Slovenia coach Igor Kokoskov applauds during the Eurobasket European Basketball Championship final against Serbia in Istanbul. (AP Photo/Thanassis Stavrakis, File)
LISTEN: Ryan McDonough, Suns General Manager

Setting out at the end of the season on what the team promised to be a wide-spanning coaching search, the Phoenix Suns didn’t waste time in filling their head coaching position.

They spoke with more than a handful of candidates but on Wednesday struck a deal to sign Utah Jazz assistant Igor Kokoskov to a three-year deal. The former Suns assistant from 2008-2013 fit a roster that is expected to receive an overhaul but at its core needs to develop young players in Devin Booker, Josh Jackson, Dragan Bender and Marquese Chriss.

Kokoskov’s 18 years of NBA experience as an assistant, his history as a national team head coach and his ability to mold young players all stood out to Phoenix general manager Ryan McDonough, vice president of basketball operations James Jones and owner Robert Sarver.

“We think Igor is the perfect guy for our team and our situation,” McDonough said Thursday on 98.7 FM Arizona’s Sports Station’s Doug & Wolf show.

“He’s a great tactician, he’s great at player development. He has an understated way about him that players really respect and like. He has a track record of winning and helping players get better wherever he goes.”

When Kokoskov was an assistant for former Suns coach Alvin Gentry, he was credited with helping develop Goran Dragic, who played for Kokoskov on the Slovenian national team that won the 2017 EuroBasket title.

This season, the assistant’s third in Utah, the play by Rookie of the Year candidate Donovan Mitchell and point guard Ricky Rubio’s best NBA season were viewed as Kokoskov-influenced, McDonough said.

“He’s worked primarily with their guards,” the Suns GM added. “Even young guys like Dante Exum he’s worked with, Raul Neto — they give Igor a lot of credit with helping Neto with his shot.”

Jones told Bickley & Marotta that Kokoskov’s past coaching developing teams in Orlando, Cleveland and the Los Angeles Clippers all stood out on his resume.

“He’s progressive offensively, he’s very flexible — defensively as well. He’s most comfortable in an environment where he’s on the floor, talking to the players, teaching them the details of the game,” Jones said. “I had known Igor personally throughout my time as an NBA player, but I was really blown away when I got a chance to talk to him personally about the game of basketball.”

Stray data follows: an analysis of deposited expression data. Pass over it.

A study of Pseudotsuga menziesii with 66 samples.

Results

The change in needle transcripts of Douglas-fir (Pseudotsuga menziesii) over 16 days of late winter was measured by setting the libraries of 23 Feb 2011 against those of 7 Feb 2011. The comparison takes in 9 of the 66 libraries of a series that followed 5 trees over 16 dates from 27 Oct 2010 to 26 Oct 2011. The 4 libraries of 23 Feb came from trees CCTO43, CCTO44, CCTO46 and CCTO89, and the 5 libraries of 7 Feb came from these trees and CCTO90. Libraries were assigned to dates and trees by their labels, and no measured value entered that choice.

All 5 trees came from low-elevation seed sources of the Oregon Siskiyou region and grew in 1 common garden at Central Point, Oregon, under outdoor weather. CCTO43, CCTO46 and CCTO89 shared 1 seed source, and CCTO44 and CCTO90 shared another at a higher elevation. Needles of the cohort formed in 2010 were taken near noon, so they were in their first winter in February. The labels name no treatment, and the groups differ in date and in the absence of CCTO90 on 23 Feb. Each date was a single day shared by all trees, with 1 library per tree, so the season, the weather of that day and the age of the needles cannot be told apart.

Kokoskov’s work with the Slovenian national team from 2016-17 and the Georgian national team in 2008-2015 played a large part in impressing the Suns’ brass.

That not only gave Kokoskov a foundation of building and leading a team, but a canvas for showcasing his creativeness as a coach.

“I know I keep going back to that but if you’re a head coach at that level, basically it’s like a mini NBA season every year where you have new players coming in, you have to organize a training camp, lay out a vision for how the team’s going to play, maybe have a few exhibition games and then get going in a very pressure-packed, competitive environment,” McDonough said.

“What he did with that (Slovenian) team was really impressive,” the general manager added. “Not only did they win the championship, they went 9-0 and dominated the field and put together a very impressive attack, especially on the offensive end, that led to a lot of blowouts and led to the first European championship in the history of Slovenia.”

So how does the hire effect the Suns’ NBA Draft?

In short, it doesn’t.

Kokoskov’s relationship to Slovenian 19-year-old Luka Doncic, a likely top-2 NBA Draft pick, of course helps the Suns’ scouting department. But McDonough pumped the brakes on how the new head coach’s influence could change the team’s approach come June 21.

“I’m pretty sure Igor is going to say we should draft whoever the best player is,” McDonough said. “I understand people will make the connection with Luka. He’s a phenomenal player who will certainly be in the mix depending on where we’re picking. In the top couple (picks), we’ll look at him — we don’t think he’ll last long on draft night. That being said, Deandre Ayton, a few other guys will be in the mix as well.

“With Igor, certainly that relationship and that experience with Luka helps. I don’t think any team will be more prepared in terms of evaluating Luka Doncic and knowing everything about him than we will, but at the same time, we’re going to draft who we feel is the best player on the board when we’re picking.”

The NBA Draft Combine takes place from May 16-20, but Doncic will not be able to attend as his Real Madrid team plays in the EuroLeague Final Four.

There, the Suns could use the event to begin assembling an assistant coaching staff if Kokoskov and the Jazz are out of the playoffs by that point.